October 22, 2013

Julian Kestrel and the Importance of Wearing a Necktie

In Whom the Gods Love, the third Julian Kestrel novel, Julian schools a surly young man in the art of being a dandy:

“People suppose what I do must be right, because I do it with conviction. A true dandy ought to be able to walk down Pall Mall with an upturned bucket on his head, and have every young blood in London scrambling for one just like it. It’s all conviction – sheer effrontery, if you prefer. A kind of philosophical conjuring trick: I believe in myself, therefore I am-“

And then shows him how to wear a neckcloth:

“This is called Trône d’Amour. It’s extremely simple. It has one dent in the centre and no collateral creases, and it ties in a knot in front – so. The neckcloth ought to be starched, but no matter.”


Thanks to an 1818 manual on ties, “Neckclothitania or Tietania, being an essay on Starchers, by One of the Cloth,” we can see exactly what the tie would have looked like.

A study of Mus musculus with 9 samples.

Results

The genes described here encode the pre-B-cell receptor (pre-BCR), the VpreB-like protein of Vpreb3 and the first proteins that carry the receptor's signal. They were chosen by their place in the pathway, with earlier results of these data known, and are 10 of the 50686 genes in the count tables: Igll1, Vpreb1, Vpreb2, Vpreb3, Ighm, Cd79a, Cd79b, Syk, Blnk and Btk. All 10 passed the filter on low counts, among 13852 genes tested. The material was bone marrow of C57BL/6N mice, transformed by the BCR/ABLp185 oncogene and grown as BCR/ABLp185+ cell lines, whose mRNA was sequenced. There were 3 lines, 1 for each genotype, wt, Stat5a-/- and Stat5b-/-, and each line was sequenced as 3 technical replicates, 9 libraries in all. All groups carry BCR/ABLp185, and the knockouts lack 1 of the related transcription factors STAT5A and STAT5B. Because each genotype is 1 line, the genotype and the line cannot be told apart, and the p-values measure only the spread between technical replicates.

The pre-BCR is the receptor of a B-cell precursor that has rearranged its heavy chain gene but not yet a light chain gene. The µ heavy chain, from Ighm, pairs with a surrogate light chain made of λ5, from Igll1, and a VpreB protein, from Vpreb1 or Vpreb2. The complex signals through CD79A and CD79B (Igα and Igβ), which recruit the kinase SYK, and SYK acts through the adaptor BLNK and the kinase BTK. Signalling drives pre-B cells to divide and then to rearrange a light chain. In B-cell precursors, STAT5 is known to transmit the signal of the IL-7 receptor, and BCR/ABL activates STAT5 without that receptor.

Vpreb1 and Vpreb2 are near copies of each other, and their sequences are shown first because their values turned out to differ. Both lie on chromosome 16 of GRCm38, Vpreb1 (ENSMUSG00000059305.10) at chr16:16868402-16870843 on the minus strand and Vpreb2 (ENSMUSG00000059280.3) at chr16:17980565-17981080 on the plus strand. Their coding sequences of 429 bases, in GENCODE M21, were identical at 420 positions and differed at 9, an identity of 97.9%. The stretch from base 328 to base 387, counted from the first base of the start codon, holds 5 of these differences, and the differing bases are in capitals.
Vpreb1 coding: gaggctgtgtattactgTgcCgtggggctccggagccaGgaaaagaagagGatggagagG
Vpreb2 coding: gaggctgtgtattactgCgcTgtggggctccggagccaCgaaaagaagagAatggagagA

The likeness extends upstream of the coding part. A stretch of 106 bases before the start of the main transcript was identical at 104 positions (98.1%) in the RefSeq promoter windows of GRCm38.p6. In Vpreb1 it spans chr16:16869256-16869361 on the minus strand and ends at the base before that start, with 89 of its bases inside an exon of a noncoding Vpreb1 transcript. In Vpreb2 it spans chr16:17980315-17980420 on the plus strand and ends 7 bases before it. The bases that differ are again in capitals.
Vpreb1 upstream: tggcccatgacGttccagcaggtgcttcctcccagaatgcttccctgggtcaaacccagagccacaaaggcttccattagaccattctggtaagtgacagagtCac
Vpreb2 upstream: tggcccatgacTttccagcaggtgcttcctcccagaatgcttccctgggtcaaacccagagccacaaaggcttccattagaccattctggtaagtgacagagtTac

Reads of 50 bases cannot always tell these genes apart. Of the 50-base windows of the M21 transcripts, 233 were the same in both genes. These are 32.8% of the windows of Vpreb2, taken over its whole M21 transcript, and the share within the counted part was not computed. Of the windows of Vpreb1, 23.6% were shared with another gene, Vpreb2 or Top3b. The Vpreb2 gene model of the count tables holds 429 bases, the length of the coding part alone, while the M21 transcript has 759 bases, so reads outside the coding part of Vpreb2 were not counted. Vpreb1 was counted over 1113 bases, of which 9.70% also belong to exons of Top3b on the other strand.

Neckclothitania, published in 1818.

Neckclothitania, published in 1818.

Julian himself, as we learn in The Devil in Music, has three dozen neckcloths, and we know from Cut to the Quick that he favors the severe Trône d’Amour style himself. And indeed, being a dandy was all about a kind of impeccable simplicity and severity of clothing that greatly simplified what had been the over-the-top style of men’s clothing prevalent in the 18th century. A simplicity, however, backed by extreme effort behind the scenes, requiring, at the very least, massive amounts of laundry. The starched neckcloth was introduced by Beau Brummell, the dandy par excellence. As this fascinating article in Cabinet magazine puts it, Beau Brummell’s fashion philosophy, just like Julian’s, was “the maximum of luxury in the service of minimal ostentation.”

A constant source of tension in the Julian Kestrel books is the discrepancy between Julian’s shallow appearance and the hidden depths of his mind and backstory. The tension, in other words, between what’s visible and what goes on underneath, between person and persona. For Julian, a young man of dubious origin, the perfectly starched neckcloth is a kind of armor.